Dementia is the umbrella term given to a range of memory conditions including Alzheimer’s Disease. If your elderly parent suffers from dementia, they will likely need support to complete their daily tasks. Even though caring for an elderly parent with dementia comes from a place of love, it can be overwhelming and challenging, which is why we’ve put together the following guide.  

Create a Routine

Dementia can make it difficult to remember simple daily tasks like taking care of personal hygiene and eating, which can lead to further health complications. The best way to keep dementia sufferers on track while improving independence is by creating and sticking to a daily routine, which lets them know exactly what’s expected of them and when. 

Complete Daily Tasks Together

Daily tasks like brushing our teeth are easy for most people. However, once dementia sets in, tasks people take for granted become a lot more difficult. Therefore, if your parent is having difficulties in their daily routine, try completing all tasks together. If you do daily tasks at the same time, they can copy you.

Ensure All Communication is Clear

Verbal communication can be challenging for dementia sufferers, which is why you need to be direct and make contact when communicating. As well as this, it’s important to steer clear of unnecessary demands because it will only make matters worse. Instead, it’s best to keep calm, use short sentences and get their attention by placing your hand lightly on their shoulders. 

Put Labels Around the Home

Having dementia often means struggling with navigation in familiar places. Therefore, to avoid any confusion, you should put labels around the home including on every single cupboard. As well as labels, you can draw a map of each room and stick it to the door, allowing them to refresh their memory and avoid tripping over furniture.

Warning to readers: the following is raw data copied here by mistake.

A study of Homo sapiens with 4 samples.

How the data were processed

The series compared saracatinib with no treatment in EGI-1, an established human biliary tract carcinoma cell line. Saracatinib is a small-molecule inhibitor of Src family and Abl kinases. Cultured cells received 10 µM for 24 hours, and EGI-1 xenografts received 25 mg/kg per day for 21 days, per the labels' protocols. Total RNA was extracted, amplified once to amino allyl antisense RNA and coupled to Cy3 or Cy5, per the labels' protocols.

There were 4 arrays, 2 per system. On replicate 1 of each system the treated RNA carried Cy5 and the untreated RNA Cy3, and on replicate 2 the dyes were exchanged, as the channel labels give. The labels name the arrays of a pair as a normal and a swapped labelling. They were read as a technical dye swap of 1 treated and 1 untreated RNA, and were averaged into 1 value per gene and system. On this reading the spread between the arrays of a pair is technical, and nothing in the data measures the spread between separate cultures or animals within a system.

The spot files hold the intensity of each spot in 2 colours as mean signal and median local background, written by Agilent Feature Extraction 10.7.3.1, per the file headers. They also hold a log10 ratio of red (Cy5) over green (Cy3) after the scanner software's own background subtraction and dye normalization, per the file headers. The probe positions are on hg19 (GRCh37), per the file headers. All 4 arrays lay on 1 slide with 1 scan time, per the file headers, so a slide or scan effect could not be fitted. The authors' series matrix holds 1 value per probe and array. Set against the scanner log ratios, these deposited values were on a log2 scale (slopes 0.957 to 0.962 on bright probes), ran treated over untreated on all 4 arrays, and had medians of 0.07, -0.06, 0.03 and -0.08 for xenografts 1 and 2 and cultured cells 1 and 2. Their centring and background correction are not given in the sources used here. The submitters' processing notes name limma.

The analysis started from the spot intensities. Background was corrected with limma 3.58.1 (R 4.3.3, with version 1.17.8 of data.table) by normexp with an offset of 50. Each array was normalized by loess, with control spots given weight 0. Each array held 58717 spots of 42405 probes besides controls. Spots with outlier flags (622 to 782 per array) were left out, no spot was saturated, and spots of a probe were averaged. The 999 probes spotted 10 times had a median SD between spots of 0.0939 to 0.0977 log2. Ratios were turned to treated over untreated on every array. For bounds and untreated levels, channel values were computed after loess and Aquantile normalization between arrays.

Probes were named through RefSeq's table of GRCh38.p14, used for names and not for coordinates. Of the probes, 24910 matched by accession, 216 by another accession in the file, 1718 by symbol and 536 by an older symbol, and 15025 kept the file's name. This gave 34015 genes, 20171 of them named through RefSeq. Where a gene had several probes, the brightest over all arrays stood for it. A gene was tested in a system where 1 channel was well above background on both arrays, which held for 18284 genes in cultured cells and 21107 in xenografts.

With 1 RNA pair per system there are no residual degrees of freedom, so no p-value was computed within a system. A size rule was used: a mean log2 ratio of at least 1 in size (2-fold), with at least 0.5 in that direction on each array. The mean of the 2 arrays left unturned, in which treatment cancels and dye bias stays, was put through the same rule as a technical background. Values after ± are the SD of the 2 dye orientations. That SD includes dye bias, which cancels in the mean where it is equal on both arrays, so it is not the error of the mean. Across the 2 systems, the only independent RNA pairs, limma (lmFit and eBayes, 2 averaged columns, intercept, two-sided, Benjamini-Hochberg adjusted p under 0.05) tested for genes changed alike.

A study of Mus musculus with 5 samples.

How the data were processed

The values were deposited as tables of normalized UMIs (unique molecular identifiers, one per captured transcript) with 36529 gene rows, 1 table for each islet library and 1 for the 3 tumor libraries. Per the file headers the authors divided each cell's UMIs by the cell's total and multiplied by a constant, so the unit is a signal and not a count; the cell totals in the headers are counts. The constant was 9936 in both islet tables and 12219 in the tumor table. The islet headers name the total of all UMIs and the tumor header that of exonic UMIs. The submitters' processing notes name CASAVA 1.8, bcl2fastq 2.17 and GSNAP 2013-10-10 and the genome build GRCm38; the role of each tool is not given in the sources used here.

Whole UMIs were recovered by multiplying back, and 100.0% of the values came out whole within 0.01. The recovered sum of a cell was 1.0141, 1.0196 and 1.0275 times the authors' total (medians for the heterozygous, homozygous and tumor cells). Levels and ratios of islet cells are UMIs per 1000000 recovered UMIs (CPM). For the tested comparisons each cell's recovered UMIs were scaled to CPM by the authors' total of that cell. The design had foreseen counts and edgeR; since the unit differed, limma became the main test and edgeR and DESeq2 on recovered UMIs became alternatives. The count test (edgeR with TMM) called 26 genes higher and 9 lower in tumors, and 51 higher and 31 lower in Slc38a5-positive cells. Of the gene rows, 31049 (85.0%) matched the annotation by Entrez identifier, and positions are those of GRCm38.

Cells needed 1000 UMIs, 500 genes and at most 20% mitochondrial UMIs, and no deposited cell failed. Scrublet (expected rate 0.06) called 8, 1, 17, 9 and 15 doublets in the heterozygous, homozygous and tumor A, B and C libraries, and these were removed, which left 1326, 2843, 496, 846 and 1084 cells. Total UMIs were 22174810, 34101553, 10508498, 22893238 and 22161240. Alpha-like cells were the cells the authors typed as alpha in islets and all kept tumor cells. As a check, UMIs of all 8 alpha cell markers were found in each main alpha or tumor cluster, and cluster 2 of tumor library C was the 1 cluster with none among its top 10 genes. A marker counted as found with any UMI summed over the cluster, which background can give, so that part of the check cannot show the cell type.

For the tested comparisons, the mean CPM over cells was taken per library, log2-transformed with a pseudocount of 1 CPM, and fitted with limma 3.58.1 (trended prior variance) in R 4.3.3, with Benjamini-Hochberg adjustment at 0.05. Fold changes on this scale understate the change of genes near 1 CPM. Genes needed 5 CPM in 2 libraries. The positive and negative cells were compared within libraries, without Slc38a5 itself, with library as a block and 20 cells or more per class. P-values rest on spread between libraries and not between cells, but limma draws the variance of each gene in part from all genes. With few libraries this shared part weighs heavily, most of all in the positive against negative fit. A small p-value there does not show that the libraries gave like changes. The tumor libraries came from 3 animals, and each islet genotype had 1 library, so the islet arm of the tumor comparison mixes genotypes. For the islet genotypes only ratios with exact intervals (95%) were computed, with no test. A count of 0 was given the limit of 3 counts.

Know When to Seek Support

There may come a time when your parent’s dementia symptoms become too much for you to handle alone, and that’s absolutely acceptable. You need to learn how to recognise when you’re struggling and understand that it’s okay to ask for help. For example, arranging for your elderly parent to be moved into Baily House care home in Mansfield may be the best action for both you and your loved one.

Take Care of Yourself

Even though you’re committed to taking care of your elderly parent with dementia, it shouldn’t be at the expense of your own health and well-being. Therefore, it’s important to make sure you take time out for yourself, whether that’s by having another family member take over to using an at-home care provider. Once you’ve had a much-deserved break, you’ll feel in a better frame of mind to provide the level of care your parent deserves. 

Taking care of a dementia sufferer is challenging, especially if it’s a parent. To make both of your lives easier, follow the insights outlined above and remember that asking for help is never a sign of weakness.